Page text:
Except for one small detail, Tamar Lewin of The New York Times wrote a memorable story about the debate over rising tuition costs at American universities. Lewin focused on Berea College in Kentucky, a tiny school that does not charge its students admission, and contrasted it with other universities.
Lewin’s lede captured readers’ attention:
Berea College, founded 150 years ago to educate freed slaves and “poor white mountaineers,” accepts only applicants from low-income families, and it charges no tuition.
“You can literally come to Berea with nothing but what you can carry, and graduate debt free,” said Joseph P. Bagnoli Jr., the associate provost for enrollment management. “We call it the best education money can’t buy.”
Lewin’s following paragraph helped explain how Berea can afford to not charge students tuition:
Actually, what buys that education is Berea’s $1.1 billion endowment, which puts the college among the nation’s wealthiest. But unlike most well-endowed colleges, Berea has no football team, coed dorms, hot tubs or climbing walls. Instead, it has a no-frills budget, with food from the college farm, handmade furniture from the college crafts workshops, and 10-hour-a-week campus jobs for every student.
Lewin’s nut graph was interesting and important:
Berea’s approach provides an unusual perspective on the growing debate over whether the wealthiest universities are doing enough for the public good to warrant their tax exemption, or simply hoarding money to serve an elite few. As many elite universities scramble to recruit more low-income students, Berea’s no-tuition model has attracted increasing attention.
But as Mollie pointed out to me, this story was haunted. What Lewin did not do was broach a key fact about Berea College: It is Christian. Indeed, the school’s mission is explicitly so. The preamble to its mission statement begins this way:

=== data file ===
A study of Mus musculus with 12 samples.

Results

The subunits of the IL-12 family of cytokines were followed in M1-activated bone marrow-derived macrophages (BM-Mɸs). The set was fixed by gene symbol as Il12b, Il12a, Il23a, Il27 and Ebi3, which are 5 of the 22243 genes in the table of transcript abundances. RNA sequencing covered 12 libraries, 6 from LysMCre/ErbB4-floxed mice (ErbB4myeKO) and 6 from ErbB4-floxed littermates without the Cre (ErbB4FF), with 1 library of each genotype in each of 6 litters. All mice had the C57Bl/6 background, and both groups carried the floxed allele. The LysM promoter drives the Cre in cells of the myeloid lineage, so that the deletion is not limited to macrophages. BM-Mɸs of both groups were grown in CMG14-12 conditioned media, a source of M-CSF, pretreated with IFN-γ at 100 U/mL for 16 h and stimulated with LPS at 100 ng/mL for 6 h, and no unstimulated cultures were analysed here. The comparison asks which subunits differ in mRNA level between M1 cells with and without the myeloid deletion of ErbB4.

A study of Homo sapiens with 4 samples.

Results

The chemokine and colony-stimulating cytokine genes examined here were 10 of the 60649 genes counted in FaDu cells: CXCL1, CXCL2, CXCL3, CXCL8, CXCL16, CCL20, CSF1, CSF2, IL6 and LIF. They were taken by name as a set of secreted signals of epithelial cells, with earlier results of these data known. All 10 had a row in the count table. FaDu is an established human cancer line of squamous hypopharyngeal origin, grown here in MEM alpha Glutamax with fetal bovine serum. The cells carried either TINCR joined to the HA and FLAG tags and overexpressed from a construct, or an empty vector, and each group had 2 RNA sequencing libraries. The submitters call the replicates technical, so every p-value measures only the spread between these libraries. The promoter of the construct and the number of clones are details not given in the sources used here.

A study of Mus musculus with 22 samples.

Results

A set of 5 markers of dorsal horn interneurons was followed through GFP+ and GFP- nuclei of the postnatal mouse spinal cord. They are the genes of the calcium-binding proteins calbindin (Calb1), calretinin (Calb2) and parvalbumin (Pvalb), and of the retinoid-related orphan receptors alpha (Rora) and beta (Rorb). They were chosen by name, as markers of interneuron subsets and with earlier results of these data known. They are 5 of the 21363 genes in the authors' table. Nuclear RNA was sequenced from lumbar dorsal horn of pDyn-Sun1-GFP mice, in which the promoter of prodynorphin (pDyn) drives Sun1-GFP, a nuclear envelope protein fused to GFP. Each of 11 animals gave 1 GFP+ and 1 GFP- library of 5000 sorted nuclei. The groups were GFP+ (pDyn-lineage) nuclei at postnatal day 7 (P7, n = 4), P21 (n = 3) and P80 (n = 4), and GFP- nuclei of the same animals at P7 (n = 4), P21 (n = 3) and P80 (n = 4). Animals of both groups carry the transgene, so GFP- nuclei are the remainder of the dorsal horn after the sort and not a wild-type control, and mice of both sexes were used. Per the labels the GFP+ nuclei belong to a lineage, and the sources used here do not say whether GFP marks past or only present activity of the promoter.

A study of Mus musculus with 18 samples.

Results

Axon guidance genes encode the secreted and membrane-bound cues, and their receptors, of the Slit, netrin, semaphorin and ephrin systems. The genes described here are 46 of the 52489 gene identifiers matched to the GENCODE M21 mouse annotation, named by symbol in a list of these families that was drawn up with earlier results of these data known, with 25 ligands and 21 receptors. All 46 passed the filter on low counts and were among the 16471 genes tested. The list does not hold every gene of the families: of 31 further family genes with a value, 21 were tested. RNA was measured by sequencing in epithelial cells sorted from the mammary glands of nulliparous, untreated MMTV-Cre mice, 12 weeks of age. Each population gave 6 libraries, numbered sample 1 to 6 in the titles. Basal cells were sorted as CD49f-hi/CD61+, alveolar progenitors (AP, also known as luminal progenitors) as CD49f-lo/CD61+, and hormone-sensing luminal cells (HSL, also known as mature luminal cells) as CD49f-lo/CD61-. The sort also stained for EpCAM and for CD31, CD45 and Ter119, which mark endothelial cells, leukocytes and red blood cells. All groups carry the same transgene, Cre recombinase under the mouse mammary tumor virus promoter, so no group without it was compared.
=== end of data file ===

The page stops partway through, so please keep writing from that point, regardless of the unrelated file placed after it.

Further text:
Berea College, founded by ardent abolitionists and radical reformers, continues today as an educational institution still firmly rooted in its historic purpose “to promote the cause of Christ.” Adherence to the College’s scriptural foundation, “God has made of one blood all peoples of the earth,” shapes the College’s culture and programs so that students and staff alike can work toward both personal goals and a vision of a world shaped by Christian values, such as the power of love over hate, human dignity and equality, and peace with justice. This environment frees persons to be active learners, workers, and servers as members of the academic community and as citizens of the world. The Berea experience nurtures intellectual, physical, aesthetic, emotional, and spiritual potentials and with those the power to make meaningful commitments and translate them into action.
Lewin’s failure to mention Berea’s Christian character and identity amounts to a journalistic sin of omission. Berea cannot really be understood apart from its Christian worldview. The closest that the story comes to acknowledging this occurs at the end when Lewin quotes from Berea’s president:
“You see some of these selective liberal arts colleges building new physical education facilities with these huge sheets of glass and these coffee and juice bars, and charging students $40,000 a year, and you have to ask, does this contribute to the public good, or is it just a way for the college to keep up with the Joneses?” Mr. Shinn said. “We are a tax-exempt institution, so I think the public has a right to demand that our educational mission be at the heart of all of our expenditures.”
The more I research this story, the more it’s clear that Lewin’s story contains a ghost of gargantuan size. For example, Lewin writes about Amherst College, an elite university that charges (high) tuition fees. What Lewin does not point out are the striking religious and socio-cultural parallels between Amherst’s original mission and that of Berea’s. (Of course, Lewin also cites Harvard, Princeton, and Yale, three schools with a Christian founding.) This begs all sorts of questions about secularization and religion. Paging Robert Putnam …
Perhaps I digress; GR does not tell reporters what they should pursue. But in Lewin’s story, it’s fair to say that Berea’s religion was more than relevant.